Sunday, February 22, 2009

A Different Direction?

I think that everyone can agree that, while its intentions are noble, No Child Left Behind fails to effectively change schools for the better. Making teachers fully accountable and expecting extraordinary improvement every year is ideal, in a sense, but is far from realistic. Low test scores and high drop out rates are synonymous with the inner city, while college-bound students and scholar athletes are equated with the suburbs. Is there some great difference in the potential and ability of these children? Is there something in the water? Of course not. That would be ridiculous to suggest. No Child Left Behind states that teachers are to be accountable for their students’ success. They say this as though the majority of inner city teachers don’t care whether their students fail or succeed. Are all these previous low test scores due to the lack of effort on the part of the teacher? No. The defining difference between a successful school and one that “needs improvement” is neither the students nor the teachers; it is the environment.
I strongly believe that pressuring schools to improve scores overnight is unrealistic and, in fact, detrimental to the progress of their students. When trying to find a solution, one has to look at the root of the problem. Low inner city test scores are not a result of poor teaching or dim-witted children. It is a turbulent environment that affects inner city academics. Changes must be made in the community before improvement can be seen in the school.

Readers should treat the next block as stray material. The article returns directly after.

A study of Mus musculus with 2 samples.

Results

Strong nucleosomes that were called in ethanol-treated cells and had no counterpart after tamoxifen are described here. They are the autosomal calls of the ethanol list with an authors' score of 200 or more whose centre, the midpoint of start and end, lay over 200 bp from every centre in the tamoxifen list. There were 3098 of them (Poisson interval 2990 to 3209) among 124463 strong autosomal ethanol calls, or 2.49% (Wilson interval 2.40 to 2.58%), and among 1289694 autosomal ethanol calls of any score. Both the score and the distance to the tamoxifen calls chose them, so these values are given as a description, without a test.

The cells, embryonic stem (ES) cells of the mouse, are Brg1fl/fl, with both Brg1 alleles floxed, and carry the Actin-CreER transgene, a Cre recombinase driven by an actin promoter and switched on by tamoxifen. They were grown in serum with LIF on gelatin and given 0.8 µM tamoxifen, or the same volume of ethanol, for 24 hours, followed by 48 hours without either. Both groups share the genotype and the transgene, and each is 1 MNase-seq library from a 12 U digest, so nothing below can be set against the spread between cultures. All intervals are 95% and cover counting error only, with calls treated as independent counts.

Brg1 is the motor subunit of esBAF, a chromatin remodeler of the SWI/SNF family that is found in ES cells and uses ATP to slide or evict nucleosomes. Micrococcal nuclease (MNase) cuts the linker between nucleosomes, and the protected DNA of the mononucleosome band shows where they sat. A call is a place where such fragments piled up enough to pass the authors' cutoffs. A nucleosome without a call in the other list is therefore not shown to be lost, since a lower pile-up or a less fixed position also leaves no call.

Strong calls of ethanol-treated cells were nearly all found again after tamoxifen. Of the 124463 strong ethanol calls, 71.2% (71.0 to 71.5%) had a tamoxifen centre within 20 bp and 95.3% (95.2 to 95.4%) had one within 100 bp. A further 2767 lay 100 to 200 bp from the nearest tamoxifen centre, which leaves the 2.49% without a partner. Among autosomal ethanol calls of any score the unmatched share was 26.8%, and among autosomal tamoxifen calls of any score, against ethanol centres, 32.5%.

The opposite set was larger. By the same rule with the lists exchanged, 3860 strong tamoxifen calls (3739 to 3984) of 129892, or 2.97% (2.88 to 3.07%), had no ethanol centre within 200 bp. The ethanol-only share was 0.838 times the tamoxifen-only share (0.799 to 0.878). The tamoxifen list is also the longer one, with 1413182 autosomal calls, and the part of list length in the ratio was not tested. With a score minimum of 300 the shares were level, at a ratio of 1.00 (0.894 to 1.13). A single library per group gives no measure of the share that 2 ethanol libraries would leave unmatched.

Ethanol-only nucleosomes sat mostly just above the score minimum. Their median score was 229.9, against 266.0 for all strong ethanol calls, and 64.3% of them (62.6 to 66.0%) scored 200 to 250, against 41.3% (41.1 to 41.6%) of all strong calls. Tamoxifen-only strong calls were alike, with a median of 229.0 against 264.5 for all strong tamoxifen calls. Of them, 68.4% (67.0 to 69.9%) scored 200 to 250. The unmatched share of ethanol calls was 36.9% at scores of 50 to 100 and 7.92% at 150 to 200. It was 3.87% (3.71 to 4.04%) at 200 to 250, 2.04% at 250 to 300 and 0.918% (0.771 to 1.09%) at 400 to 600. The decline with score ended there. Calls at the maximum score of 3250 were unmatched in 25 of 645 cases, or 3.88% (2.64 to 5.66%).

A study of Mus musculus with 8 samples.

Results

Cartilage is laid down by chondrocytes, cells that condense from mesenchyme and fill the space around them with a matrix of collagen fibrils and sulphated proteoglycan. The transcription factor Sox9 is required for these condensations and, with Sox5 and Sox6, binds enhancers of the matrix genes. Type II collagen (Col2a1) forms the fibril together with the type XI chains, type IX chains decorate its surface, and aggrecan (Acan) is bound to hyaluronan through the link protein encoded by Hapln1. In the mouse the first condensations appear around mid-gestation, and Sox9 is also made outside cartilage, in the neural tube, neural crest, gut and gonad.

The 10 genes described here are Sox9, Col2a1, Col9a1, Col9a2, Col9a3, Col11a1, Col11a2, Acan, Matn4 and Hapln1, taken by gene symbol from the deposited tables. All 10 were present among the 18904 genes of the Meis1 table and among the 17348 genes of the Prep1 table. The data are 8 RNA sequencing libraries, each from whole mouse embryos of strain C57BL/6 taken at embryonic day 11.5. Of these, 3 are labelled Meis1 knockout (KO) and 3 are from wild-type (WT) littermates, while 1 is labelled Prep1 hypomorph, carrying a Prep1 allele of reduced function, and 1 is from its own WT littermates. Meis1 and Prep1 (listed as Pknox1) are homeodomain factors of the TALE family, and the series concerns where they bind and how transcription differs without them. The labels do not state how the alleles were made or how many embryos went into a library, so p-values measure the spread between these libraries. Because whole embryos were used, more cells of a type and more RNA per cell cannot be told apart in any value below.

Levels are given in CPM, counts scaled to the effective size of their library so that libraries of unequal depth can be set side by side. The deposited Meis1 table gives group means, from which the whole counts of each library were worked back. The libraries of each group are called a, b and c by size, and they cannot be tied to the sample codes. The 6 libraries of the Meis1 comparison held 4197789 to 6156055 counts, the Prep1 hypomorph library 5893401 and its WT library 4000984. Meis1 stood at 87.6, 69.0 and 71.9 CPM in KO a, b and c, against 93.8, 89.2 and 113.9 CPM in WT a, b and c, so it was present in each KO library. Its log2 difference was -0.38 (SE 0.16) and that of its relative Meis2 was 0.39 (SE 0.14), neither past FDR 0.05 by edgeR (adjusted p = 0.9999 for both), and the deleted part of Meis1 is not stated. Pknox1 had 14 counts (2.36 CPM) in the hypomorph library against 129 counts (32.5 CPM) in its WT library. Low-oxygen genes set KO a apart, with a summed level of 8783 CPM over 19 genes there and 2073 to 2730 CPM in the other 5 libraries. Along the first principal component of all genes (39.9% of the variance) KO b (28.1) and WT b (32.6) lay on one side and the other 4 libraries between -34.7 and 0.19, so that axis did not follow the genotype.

If I had the chance to modify No Child Left Behind, I would not reward or punish a school for its level of academic success. Monitoring the quality of a school is important; however, tedious year by year reports only result in unwarranted criticism. Funding should not only be used to improve the quality of the classroom experience but also the quality of life outside of the school walls. If the main factor separating urban and suburban test scores is the environment, the most efficient way to improve academics is by providing students an improved quality of life. I wonder how many cities can effectively influence the surrounding community. A city is a complex ecosystem and there is no simple answer. I would be interested in learning about the programs and initiatives set in place to improve the conditions in which so many American children live. Are there state-wide programs or is it the responsibility of the city itself? Could the federal government step in and spearhead a nationwide urban renewal plan that could be beneficial the youth of the community?
Changes need to be made to improve our inner city schools, and I believe the most effective path is through the community. I want to know what ideas have been implemented. What has worked? What has failed? Why?